The Italian city of Pisa is the first new city to join the original five European capitals in an initiative that aims to enhance the role of inland waterway transport and step up dialogue with inland port and waterway authorities. The aim is to find sustainable solutions to urban freight supply and distribution challenges through greater use of the waterways flowing through their cities. Pisa has lined up with the cities of Berlin, Brussels, Budapest, Paris and Vienna, who last September signed up to the ‘Connecting with Waterways: a Capital Choice’ charter.
The charter, an initiative of Minister Brigitte Grouwels of the Brussels-Capital Region in cooperation with the European Federation of Inland Ports (EFIP) and Inland Navigation Europe (INE), aims to realise the EU ambition of achieving carbon neutral logistics in major urban centres by 2030. The development comes as many of Europe’s major cities are recognising that they owe their existence to their waterside location, which gave embryonic settlements access inland and to the wider world, making the movement of people and goods easier and cheaper. The signatories are rediscovering the benefits of the waterways that led to their foundation.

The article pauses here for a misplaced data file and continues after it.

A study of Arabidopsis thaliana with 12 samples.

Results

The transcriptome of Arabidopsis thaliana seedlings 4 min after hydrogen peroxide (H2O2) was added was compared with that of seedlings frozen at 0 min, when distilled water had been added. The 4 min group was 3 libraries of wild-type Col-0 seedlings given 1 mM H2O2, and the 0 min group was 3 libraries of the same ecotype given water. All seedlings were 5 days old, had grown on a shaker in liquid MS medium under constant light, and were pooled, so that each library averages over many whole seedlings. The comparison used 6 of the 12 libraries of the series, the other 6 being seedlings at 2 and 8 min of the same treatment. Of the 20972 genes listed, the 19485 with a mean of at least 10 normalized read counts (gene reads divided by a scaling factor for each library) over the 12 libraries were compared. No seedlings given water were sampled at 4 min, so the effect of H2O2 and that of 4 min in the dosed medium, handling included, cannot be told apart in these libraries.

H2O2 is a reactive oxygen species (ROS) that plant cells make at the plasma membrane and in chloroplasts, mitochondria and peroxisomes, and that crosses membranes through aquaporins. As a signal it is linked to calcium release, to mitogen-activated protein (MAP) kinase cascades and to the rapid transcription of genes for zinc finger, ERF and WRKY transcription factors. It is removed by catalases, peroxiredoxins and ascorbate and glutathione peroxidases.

Moreover these cities realise that urbanisation not only implies an increased need for public transport but also presents a growing need for sustainable freight transport solutions. Being at the same time one of Italy’s most important tourist attractions and hosting one of its oldest universities, Pisa is faced with seasonal variations in population and thus fluctuations in the need for freight supply. This motivates the city and port authorities of Pisa to reflect on ways to enhance the potential of the Navicelli Canal and the river Arno linking Pisa with the port of Rovigo and the sea.
Pisa formally joined ‘Connecting with Waterways: a Capital Choice’ at a signing ceremony at the ‘Barge to Business 2012’ inland waterways conference in Vienna on 15th March 2012. The ceremony followed a debate on the subject. Signing the Charter for the Italian city was Mr David Gay, Councillor at Viability and Transport of the Municipality of Pisa and, for the Inland waterway managing company, Mr Marco Magnarosa, Vice-president of Navicelli Spa.